TLDR Daily Update 2019-09-23

Google has reached quantum supremacy, TiVo ads rollout

Big Tech & Startups

Google Says That They Have Just Reached Quantum Supremacy (2 minute read)

Google has announced that it has reached quantum supremacy. Quantum computing uses the phenomena of quantum mechanics to deliver tremendous computing power. These computers have the potential to easily outpace the world's top supercomputers. Normal computers use bits, which are electrical or optical pulses representing 1s or 0s. Quantum computers use qubits, which are usually subatomic particles such as electrons or photons which are connected in a way that allows for more processing power than using bits. Google's quantum computer completed a calculation in three minutes that would've taken IBM's Summit, the world's most powerful commercial supercomputer, 10,000 years to complete.

TiVo confirms its customers will soon see ads before DVR recordings (2 minute read)

All TiVo customers will start seeing video advertisements before DVR recordings, including customers with lifetime subscription plans. The change will be rolled out to all devices within the next 90 days. Customers will have an option to skip the ads as soon as they start up, but there will be a slow delay before content will be displayed. The reaction from customers is as expected, with many threatening to cancel their subscriptions as soon as the changes begin.
Science & Futuristic Technology

Mysterious magnetic pulses discovered on Mars (13 minute read)

The InSight lander has discovered that Mars' magnetic field will occasionally pulsate in ways that have never been observed before. InSight has been gathering information on Mars such as upper crust temperature, the sounds of alien quakes, and the strength and direction of the planet's magnetic field. It has found that Mars' crust is far more powerfully magnetic than scientists expected. There is a peculiar electrically conductive layer about 2.5 miles thick deep beneath the planet's surface. This layer may be a global reserve of liquid water, similar to Earth's groundwater. Mars' crustal magnetic field is ten times stronger than Earth's, suggesting that it once also had a major global magnetic field. Magnetic fields can be used to find the presence of underground water, but it is too early to tell exactly what is causing the fields and the magnetic pulses. A gallery of images taken on Mars is available.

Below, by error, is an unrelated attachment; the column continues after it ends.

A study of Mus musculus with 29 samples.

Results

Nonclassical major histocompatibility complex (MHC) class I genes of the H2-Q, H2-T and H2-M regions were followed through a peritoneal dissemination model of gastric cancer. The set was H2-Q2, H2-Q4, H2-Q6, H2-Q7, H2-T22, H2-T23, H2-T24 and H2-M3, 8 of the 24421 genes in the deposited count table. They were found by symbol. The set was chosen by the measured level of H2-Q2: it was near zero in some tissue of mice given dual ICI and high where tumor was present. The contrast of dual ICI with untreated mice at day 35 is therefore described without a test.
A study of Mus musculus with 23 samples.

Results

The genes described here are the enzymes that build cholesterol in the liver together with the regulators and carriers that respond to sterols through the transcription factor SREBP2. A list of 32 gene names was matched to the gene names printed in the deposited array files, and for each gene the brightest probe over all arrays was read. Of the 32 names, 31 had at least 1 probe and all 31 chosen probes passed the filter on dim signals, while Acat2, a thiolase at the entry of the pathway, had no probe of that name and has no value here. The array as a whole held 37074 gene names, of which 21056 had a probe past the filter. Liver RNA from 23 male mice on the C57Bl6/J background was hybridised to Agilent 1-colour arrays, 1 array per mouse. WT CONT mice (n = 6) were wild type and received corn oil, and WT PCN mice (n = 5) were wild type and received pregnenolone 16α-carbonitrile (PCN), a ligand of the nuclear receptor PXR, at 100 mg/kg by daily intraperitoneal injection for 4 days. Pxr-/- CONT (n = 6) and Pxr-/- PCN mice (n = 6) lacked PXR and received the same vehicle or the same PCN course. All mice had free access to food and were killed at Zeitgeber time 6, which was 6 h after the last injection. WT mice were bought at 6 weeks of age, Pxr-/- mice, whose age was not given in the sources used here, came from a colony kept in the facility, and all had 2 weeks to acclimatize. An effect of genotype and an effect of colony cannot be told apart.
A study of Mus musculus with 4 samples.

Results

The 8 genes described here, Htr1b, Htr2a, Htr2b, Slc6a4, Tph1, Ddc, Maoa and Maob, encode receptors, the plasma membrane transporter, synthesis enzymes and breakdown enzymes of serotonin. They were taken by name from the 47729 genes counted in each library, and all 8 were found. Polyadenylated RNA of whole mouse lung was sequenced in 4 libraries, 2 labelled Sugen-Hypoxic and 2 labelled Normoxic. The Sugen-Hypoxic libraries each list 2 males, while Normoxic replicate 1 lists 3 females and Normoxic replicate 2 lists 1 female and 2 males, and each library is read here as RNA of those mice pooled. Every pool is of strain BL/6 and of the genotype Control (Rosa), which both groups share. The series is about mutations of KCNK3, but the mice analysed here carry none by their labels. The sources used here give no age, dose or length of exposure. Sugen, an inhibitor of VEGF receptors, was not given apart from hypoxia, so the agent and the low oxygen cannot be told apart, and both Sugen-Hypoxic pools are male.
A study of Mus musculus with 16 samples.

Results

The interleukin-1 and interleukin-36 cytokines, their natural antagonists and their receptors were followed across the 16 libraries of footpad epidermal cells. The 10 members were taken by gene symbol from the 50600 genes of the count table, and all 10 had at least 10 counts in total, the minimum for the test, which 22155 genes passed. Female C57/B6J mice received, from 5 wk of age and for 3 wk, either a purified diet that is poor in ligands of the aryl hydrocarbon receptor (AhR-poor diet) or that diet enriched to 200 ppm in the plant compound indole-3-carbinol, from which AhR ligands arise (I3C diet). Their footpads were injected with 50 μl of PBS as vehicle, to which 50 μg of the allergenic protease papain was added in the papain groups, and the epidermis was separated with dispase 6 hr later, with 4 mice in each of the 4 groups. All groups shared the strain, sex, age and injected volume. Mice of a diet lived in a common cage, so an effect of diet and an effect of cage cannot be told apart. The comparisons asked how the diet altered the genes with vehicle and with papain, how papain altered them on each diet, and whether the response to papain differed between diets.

India plans to adopt China-style facial recognition in policing, despite having no data privacy laws (5 minute read)

India will open bids next month to build a system to centralize facial recognition data captured through surveillance cameras across India. This system will link up databases that contain information such as passport details and fingerprints in order to help India's police force identify criminals, missing people, and dead bodies. India's police force is currently the world's most understaffed, with one officer for every 724 citizens. There are no data privacy laws in India. The government has been attempting to implement a biometric database for the country which links bank accounts and income tax filings, but there have been many reports of data leaks as well as the growth of a black market for personal information.
Programming, Design & Data Science

pure bash bible (GitHub Repo)

This repository contains a collection of pure bash alternatives to external processes. Its goal is to document methods for doing various tasks using only built-in bash features. There are many code snippets available that can help remove dependencies on scripts.

Pwnagotchi (GitHub Repo)

Pwnagotchi is an AI that learns to capture WPA key material more effectively over time. The more handshakes it captures, the more effective it will be. Multiple units can learn to work with each other. It requires a Raspberry Pi Zero W with a display and power bank. As it is in its alpha stage, there is no support for installation or for bugs.

Brains are the last frontier of privacy (3 minute read)

Several startups and a major tech company are now developing brain-computer interfaces, with some rudimentary versions already popping up in online stores. The concern for these devices is that they are able to read thoughts, which might open up the possibility of discrimination based on what goes on inside a person's head. Devices can already recognize basic emotional states, unspoken words, and imagined movements. The technology has been applied to the area of prosthetics, allowing people to regain control of their limbs. Companies are aiming to create devices that allow typing with thoughts or even merging with AI. These devices will generate huge amounts of neural data, which is potentially one of the most sensitive forms of personal information. This data could be exploited for marketing and has the potential to be used against people who show particular brain patterns, for example, it can be used to tell whether a person had propensities for addiction, depression, or neurological disease.